DALLAS — The seniors housing sector continues its recovery from the impacts of COVID-19, with investors expecting rental rates and residency levels to rise further in 2022, according to a survey from Dallas-based commercial real estate services firm CBRE.
Most investors (82 percent) expect seniors housing communities to reach pre-pandemic resident levels within 18 months, with the quickest absorption pace in the lower-acuity communities such as active adult and independent living. For higher acuity communities, such as assisted living and memory care, the reabsorption period extends to 24 months for most investors (89 percent).
For active adult, independent living and memory care assets, more than 70 percent of investors expect rental rate increases of 1 to 7 percent in 2022, with 42 percent expecting an increase of 3 to 7 percent. For the skilled nursing and continuing care retirement community subsectors, 68 percent of investors expect rental rate increases of 1 to 3 percent this year.
“Investors remain encouraged by the continued recovery of the seniors housing sector and foresee strong rental growth and steady improvements in resident levels over the next 18 months,” says James Graber, leader of seniors housing and healthcare for CBRE’s Valuation & Advisory Services. “These positive indications should outstrip the challenges, such as availability and cost of staffing, leading to the expectation of strong performance in 2022.”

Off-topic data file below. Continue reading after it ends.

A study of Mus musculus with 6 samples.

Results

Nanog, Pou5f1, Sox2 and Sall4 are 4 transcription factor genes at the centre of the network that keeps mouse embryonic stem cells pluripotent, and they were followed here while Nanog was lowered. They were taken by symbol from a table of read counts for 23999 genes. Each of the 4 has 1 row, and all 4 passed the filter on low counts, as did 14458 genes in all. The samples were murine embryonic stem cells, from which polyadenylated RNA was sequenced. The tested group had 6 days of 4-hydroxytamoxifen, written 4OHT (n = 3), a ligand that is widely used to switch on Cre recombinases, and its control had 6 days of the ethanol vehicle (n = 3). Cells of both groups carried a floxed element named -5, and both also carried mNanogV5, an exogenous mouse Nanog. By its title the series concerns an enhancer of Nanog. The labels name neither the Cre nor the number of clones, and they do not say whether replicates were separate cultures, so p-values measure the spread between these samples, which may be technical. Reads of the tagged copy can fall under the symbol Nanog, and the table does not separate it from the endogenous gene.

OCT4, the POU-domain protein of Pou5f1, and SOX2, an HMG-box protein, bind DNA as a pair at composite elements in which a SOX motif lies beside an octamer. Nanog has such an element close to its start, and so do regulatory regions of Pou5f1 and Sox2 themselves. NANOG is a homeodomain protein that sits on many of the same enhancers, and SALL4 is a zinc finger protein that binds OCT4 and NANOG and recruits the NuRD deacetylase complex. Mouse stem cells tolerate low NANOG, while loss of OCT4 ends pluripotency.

Active Adult (34 percent) is viewed as the biggest opportunity for investment in the seniors housing sector this year, driven by the younger, lower-acuity residents from the baby boom generation. Assisted living (26 percent) and Independent Living (23 percent) sectors ranked second and third, respectively.
Staffing availability and cost is viewed as the greatest headwind for investors within the seniors housing sector, followed by inflation and interest rates.
The average seniors housing capitalization rate in 2021 declined by 13 basis points year over year and is now below the 2020 pre-pandemic average. Despite rising interest rates and inflation, nearly 50 percent of respondents expect cap rates to remain flat this year.
To view the full survey results, click here.